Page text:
Barack Obama is leaving the campaign trail for two days to visit his ailing grandmother. (Photo: AP)
Visit to ill grandmother next for Obama.
Democrat Barack Obama swept through Virginia yesterday trying to overturn nearly half a century of presidential history, continuing a march through red-state America before taking an unprecedented break from the campaign trail to visit the ailing grandmother who helped raise him.
With an ear-splitting rally in the Richmond coliseum and a late-afternoon speech at a chilly park in Leesburg, Obama promised to deliver the Commonwealth in the Democratic column for the first time since 1964.
"I feel like we've got a righteous wind at our backs," Obama told tens of thousands gathered on the rolling hills of Ida Lee Park. It was his eighth day of campaigning in the state since securing the Democratic nomination in June.
He was joined by two Democrats who helped revive the party in Virginia, former governor and Senate candidate Mark R. Warner and Gov. Timothy M. Kaine.
They presented Obama as a pragmatic "unifier" who would fix a broken government in Washington, the same kind of message that has led to Democratic success in the state.
"We need a president who will look at any good idea, doesn't matter whether it's got a "D" or an "R" next to it," Warner said in Richmond, echoing a theme of his campaigns. "We need a president who will ask us to step up not as Democrats, not as Republicans, but first and foremost as Americans."
Kaine said Obama would replace an administration "that can't respond to a hurricane or manage a war, or manage an economy."
And the Democrats referred to a statement that McCain adviser Nancy Pfotenhauer made this weekend in which she said Obama might do well in Northern Virginia, but that Republican rival John McCain would prevail elsewhere, the "real Virginia, if you will."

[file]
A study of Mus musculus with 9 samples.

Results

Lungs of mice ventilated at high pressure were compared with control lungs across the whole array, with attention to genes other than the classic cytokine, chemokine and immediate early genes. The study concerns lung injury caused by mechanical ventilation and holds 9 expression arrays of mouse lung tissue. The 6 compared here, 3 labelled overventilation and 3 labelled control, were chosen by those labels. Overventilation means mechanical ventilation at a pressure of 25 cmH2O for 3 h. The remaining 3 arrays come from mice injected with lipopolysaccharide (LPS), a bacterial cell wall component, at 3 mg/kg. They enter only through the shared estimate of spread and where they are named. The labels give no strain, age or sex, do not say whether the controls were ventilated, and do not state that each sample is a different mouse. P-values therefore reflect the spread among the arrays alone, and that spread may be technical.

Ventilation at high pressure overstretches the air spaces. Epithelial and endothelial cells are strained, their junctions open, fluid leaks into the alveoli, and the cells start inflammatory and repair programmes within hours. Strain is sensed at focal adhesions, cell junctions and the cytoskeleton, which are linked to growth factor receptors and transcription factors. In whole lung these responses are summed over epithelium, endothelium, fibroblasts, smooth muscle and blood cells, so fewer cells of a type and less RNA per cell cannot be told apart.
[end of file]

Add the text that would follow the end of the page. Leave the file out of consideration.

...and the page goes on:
Obama told the Leesburg crowd: "I know some people don't think so, but this looks like the real Virginia to me."
Obama will head today to his home state of Hawaii to visit his ailing grandmother in what is an extraordinary departure from the campaign trail with 12 days left in the race.
His advisers said he did not hesitate to make the trip when his sister called with the news. But the move has caused mild anxiety among his aides, eased somewhat by polling that shows him maintaining a lead over McCain.
Obama's grandmother, Madelyn Dunham, suffered a broken hip and possibly a heart attack, people close to the Obamas said, and is recovering at her apartment in Honolulu after a hospital stay. Obama's sister, Maya, is caring for her. Dunham will turn 86 on Sunday.
In an interview with CBS, Obama said he was going to Hawaii because he does not want to be too late in seeing his grandmother, as he was when his mother died.
"Yeah, got there too late," Obama said of his mother. "We knew she wasn't doing well, but you know, the diagnosis was such that we thought we had a little more time, and we didn't. And so I want to make sure that I don't make the same mistake twice."
Obama also told CBS's Harry Smith that: "My grandmother's the last one left. She has really been the rock of the family, the foundation of the family."
The central political problem the trip presents is that it takes Obama off-message, his advisers said, diverting attention from the campaign's focus on the economy. Although Obama will take the traveling press corps with him on the 36-hour trip - ensuring coverage of him as a dutiful grandson - he will miss events in the swing states of Iowa and Wisconsin. McCain is scheduled to appear on "Meet the Press" from Iowa over the weekend, just after Obama returns to the mainland.
The campaign is dispatching running mate Sen. Joseph R. Biden Jr. and Obama's wife, Michelle, to what they hope will be well-covered appearances.
Alan Abramowitz, a presidential expert at Emory University, said Obama's decision to leave the campaign so close to the election, albeit briefly, seems unprecedented in recent history.
"I can't think of anything even remotely similar," he said. But he also thought it might not make much difference. "My feeling is that it's not going to have that much importance. He's still going to be running his ads; he's still going to be running his ground game; he's still going to have his get-out-the-vote operation running."
There might even be a silver lining. "Maybe people will like the fact that he's stopped his campaigning to visit his dying grandmother," he said.
Even though Obama received word at least by Monday of his grandmother's failing health, the campaign stuck to its schedule this week of visiting states that went for President Bush four years ago.
Obama completed the two-day swing through Florida, where voting began Monday, before coming to Virginia. He even added an event in Indiana today to complete the red-state tenor of the week. He will leave for Honolulu from Indianapolis this afternoon and resume campaigning Saturday morning in Nevada, another red-state battleground.